10 Sep 2015

Magnetic Loops on HF TX

It is some while since I used a magnetic loop antenna on HF TX, but these antennas work well, if you can accept their very narrow bandwidth. In fact the sharper the tuning, the more efficient it is likely to be. I used a small magnetic loop made with small-bore central heating copper pipe and was amazed how well it worked with WSPR spots from Japan on 20m with the loop in the shack, which was an upstairs bedroom at the time. Ideal applications are where frequent retuning is not needed such as PSK31, JT65 or WSPR. On 10m they can be very efficient. Even on 20m I was very impressed. Bandwidths are usually measured in kilohertz. Losses have to be kept low if they are to be efficient. Even thin wire will work but the antenna will not be as efficient. As a minimum coax cable or copper pipe should be used for the loop. At QRP powers ordinary air-spaced capacitors work fine to bring the loop to resonance. At 100W these may well arc over.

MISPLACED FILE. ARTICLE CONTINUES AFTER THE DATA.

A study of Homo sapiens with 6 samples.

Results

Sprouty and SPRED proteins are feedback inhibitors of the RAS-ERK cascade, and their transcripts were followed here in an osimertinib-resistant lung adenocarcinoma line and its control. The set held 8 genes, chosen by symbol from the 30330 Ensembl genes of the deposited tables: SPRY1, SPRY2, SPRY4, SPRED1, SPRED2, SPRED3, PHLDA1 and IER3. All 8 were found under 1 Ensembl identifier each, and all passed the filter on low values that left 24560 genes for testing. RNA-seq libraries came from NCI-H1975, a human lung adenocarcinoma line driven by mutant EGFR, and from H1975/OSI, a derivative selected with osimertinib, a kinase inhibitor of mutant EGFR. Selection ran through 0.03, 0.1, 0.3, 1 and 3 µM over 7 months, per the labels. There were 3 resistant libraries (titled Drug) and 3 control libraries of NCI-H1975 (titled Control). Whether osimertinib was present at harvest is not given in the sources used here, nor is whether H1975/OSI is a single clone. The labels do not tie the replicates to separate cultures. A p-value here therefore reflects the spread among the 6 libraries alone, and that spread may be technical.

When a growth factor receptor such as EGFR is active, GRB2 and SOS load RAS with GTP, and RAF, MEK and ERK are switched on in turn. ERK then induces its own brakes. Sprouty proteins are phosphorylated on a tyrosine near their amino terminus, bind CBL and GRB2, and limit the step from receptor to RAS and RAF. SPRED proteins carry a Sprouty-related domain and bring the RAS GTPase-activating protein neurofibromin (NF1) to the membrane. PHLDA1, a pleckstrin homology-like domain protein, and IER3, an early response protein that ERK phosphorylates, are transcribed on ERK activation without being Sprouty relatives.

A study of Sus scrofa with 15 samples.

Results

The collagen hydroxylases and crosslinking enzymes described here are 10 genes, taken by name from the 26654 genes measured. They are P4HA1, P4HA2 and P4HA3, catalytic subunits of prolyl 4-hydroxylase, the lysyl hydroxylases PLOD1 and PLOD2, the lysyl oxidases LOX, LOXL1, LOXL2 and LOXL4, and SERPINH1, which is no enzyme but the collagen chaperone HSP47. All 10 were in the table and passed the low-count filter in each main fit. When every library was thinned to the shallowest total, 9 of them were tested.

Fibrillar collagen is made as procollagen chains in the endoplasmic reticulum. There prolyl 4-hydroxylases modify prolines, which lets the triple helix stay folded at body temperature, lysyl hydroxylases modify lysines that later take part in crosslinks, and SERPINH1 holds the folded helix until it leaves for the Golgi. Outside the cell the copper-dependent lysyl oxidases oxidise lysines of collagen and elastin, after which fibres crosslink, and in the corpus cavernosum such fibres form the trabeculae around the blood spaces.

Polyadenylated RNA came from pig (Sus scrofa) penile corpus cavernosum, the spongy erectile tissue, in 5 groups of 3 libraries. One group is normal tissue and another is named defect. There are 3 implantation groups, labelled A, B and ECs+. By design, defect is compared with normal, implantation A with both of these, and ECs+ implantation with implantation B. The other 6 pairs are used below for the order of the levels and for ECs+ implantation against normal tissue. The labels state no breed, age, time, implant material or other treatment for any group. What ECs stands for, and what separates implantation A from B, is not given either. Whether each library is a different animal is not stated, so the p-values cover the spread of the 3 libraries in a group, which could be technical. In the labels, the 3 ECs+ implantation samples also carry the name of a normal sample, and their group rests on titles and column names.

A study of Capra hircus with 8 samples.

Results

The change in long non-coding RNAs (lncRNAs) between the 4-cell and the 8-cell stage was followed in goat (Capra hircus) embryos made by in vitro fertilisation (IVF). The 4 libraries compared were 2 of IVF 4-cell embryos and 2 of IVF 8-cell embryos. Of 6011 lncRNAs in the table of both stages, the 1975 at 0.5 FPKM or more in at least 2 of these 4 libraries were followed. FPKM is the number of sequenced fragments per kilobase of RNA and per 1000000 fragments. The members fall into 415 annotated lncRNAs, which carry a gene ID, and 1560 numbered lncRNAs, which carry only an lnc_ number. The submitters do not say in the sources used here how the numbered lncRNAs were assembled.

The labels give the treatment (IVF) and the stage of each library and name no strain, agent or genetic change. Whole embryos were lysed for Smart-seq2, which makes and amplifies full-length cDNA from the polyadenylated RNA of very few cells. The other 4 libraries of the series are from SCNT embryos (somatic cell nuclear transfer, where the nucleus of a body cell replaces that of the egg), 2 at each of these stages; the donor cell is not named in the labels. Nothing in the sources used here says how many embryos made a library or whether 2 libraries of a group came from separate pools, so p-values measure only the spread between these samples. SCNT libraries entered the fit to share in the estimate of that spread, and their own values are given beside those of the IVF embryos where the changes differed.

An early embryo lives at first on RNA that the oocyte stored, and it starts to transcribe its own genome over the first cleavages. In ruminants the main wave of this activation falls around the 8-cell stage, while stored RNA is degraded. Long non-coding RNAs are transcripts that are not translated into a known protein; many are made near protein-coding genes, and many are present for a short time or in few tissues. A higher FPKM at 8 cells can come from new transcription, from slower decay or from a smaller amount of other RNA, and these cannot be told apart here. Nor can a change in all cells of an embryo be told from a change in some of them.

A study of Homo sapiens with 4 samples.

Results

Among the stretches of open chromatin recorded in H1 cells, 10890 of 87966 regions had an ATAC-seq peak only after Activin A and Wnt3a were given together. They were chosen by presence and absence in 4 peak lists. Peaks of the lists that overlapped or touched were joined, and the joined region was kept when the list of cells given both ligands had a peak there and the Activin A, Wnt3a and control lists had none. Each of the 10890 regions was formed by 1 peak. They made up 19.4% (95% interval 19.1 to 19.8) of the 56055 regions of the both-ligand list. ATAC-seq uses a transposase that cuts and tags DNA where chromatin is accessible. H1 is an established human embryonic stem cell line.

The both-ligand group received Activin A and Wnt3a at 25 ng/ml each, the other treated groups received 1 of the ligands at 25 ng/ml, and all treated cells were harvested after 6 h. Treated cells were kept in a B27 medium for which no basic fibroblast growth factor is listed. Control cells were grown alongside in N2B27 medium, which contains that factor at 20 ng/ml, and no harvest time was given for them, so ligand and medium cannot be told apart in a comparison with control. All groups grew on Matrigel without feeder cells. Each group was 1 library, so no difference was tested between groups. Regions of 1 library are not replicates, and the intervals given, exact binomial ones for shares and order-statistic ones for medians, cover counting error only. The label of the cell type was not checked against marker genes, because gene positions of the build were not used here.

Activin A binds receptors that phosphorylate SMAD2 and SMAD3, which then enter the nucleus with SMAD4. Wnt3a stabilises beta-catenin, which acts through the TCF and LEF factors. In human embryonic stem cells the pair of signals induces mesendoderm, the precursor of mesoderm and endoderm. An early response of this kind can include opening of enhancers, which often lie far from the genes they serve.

See https://sites.google.com/site/g3xbmqrp3/antennas/magloop .

4 comments:

PE4BAS, Bas said...

Hello Roger, I'm impressed by the results as well. See:

http://pe4bas.blogspot.nl/2015/09/experimental-wspr-30m-setup.html

73, Bas

Roger G3XBM said...

Thanks Bas.Yes indeed these antennas really do work.

John said...

Hello Roger. I have had good results with a loft mounted loop (MFJ 1786) but have found it to be far more directional than is generally recognised. To get the very best out of a Mag Loop I think one should find some means to rotate it. One of my plans over next few months is to relocate the loop into the garden (use good quality co-ax) and install it on a rotator. As I only operate QRP I think this will be worthwhile.
Regards.
John - GW3OIN.

Roger G3XBM said...

Yes John, they are classic loops so will have best results in the plane of the loop and be much less good at right angles to the loop. A rotator is not a bad idea.